Over the last couple of years, I’ve been researching how real-time behavioral data, collected unobtrusively through technology, can predict learning outcomes. As part of this line of research, I’ve recently published the paper Predicting course outcomes with digital textbook usage data in The Internet and Higher Education.
The study used data collected from student engagement with digital textbooks in order to predict course grades. Two measures of student engagement with the texts were analyzed: an engagement index that was calculated through a linear combination of the number of pages read, number of times a student opened their textbook, number of days the student used their textbook, time spent reading, number of highlights, number of bookmarks, and number of notes. The second analysis included the individual components of the engagement index.
Major Findings: The engagement index was significantly predictive of final course grades and was a stronger predictor of course outcomes than previous academic achievement. However, time spent reading, one of the variables that make up the engagement index was more strongly predictive of course grades than the entire engagement index.
The effects of course level and instructor were controlled as well as the effects of gender, race/ethnicity, and previous academic achievement. In other words, data collected unobtrusively through the use of digital textbooks can be used to predict student outcomes even when using it for courses with different levels of reading, with textbooks that require varying levels of reading comprehension, with instructors who have different teaching styles, and for subject areas that vary in their technical nature.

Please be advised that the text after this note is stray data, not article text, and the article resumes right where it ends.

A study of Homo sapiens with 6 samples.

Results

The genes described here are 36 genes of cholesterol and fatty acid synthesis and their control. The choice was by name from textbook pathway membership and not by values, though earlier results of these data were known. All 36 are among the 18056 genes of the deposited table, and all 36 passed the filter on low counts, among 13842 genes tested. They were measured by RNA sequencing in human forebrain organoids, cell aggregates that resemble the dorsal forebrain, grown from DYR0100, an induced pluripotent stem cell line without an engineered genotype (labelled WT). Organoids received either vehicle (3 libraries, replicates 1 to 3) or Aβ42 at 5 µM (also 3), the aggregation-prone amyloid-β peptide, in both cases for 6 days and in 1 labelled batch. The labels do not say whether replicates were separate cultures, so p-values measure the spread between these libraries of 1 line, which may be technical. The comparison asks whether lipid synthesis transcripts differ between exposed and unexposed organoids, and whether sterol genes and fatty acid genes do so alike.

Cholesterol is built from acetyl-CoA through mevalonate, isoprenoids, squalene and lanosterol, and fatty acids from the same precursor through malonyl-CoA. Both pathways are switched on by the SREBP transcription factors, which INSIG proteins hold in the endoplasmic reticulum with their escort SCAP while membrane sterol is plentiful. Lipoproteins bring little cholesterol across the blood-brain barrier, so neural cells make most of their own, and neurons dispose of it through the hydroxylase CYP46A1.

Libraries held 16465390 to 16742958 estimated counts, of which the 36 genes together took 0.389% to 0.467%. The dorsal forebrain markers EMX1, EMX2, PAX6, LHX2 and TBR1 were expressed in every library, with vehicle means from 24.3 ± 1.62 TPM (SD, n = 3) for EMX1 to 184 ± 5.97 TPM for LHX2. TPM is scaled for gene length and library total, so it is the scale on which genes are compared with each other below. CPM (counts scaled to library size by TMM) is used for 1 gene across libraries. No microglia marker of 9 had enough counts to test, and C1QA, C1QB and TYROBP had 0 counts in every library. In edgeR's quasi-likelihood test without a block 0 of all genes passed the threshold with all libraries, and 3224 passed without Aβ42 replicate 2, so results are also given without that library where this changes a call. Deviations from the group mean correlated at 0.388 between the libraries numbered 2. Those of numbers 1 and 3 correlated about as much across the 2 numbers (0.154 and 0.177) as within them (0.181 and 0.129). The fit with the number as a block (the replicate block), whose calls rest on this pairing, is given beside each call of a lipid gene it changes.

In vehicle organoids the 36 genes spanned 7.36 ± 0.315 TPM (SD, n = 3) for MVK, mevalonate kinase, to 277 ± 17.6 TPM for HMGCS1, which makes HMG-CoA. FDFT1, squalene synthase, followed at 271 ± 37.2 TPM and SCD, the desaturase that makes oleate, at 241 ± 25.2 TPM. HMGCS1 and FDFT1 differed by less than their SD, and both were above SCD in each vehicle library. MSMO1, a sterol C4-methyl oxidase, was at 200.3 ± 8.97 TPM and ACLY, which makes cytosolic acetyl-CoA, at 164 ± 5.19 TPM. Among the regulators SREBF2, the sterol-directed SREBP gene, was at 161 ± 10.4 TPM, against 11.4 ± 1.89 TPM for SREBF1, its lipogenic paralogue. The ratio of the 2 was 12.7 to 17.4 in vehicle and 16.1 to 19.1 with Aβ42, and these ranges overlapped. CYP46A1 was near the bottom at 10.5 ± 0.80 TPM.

Other Findings: Interestingly enough, students did not read a great deal with a median reading time of only 169 minutes over the course of a 16-week semester.
Also, students who were in the top 10th percentile in number of highlights had significantly higher course grades than those in the lower 90th percentile. This along with previous research on highlighting behaviors suggests that highlighting might be used as a proxy for level of reading comprehension.
Conclusion: Students who read more, do better in their courses. While that might be a “no duh” kind of conclusion, what is noteworthy from this research is the knowledge that behavioral academic data collected unobtrusively can predict how well a student will do in a course better than previous academic performance (which is typically the single best predictor of course outcomes).
Commonly, students are categorized as “at risk” based on previous academic performance (using high school GPA or SAT scores, for instance); however, this method of focusing interventions casts an overly broad net and misses students who might be struggling for other reasons. Prediction based on digital textbook analytics can help identify students at risk of poor performance in real time, even before a student submits any gradable material to the faculty member. In the future, digital textbook data can be added to other data sources (like learning analytics from learning and course management systems) in order to provide even more precise prediction of student success and to be better able to target interventions for those students most at need.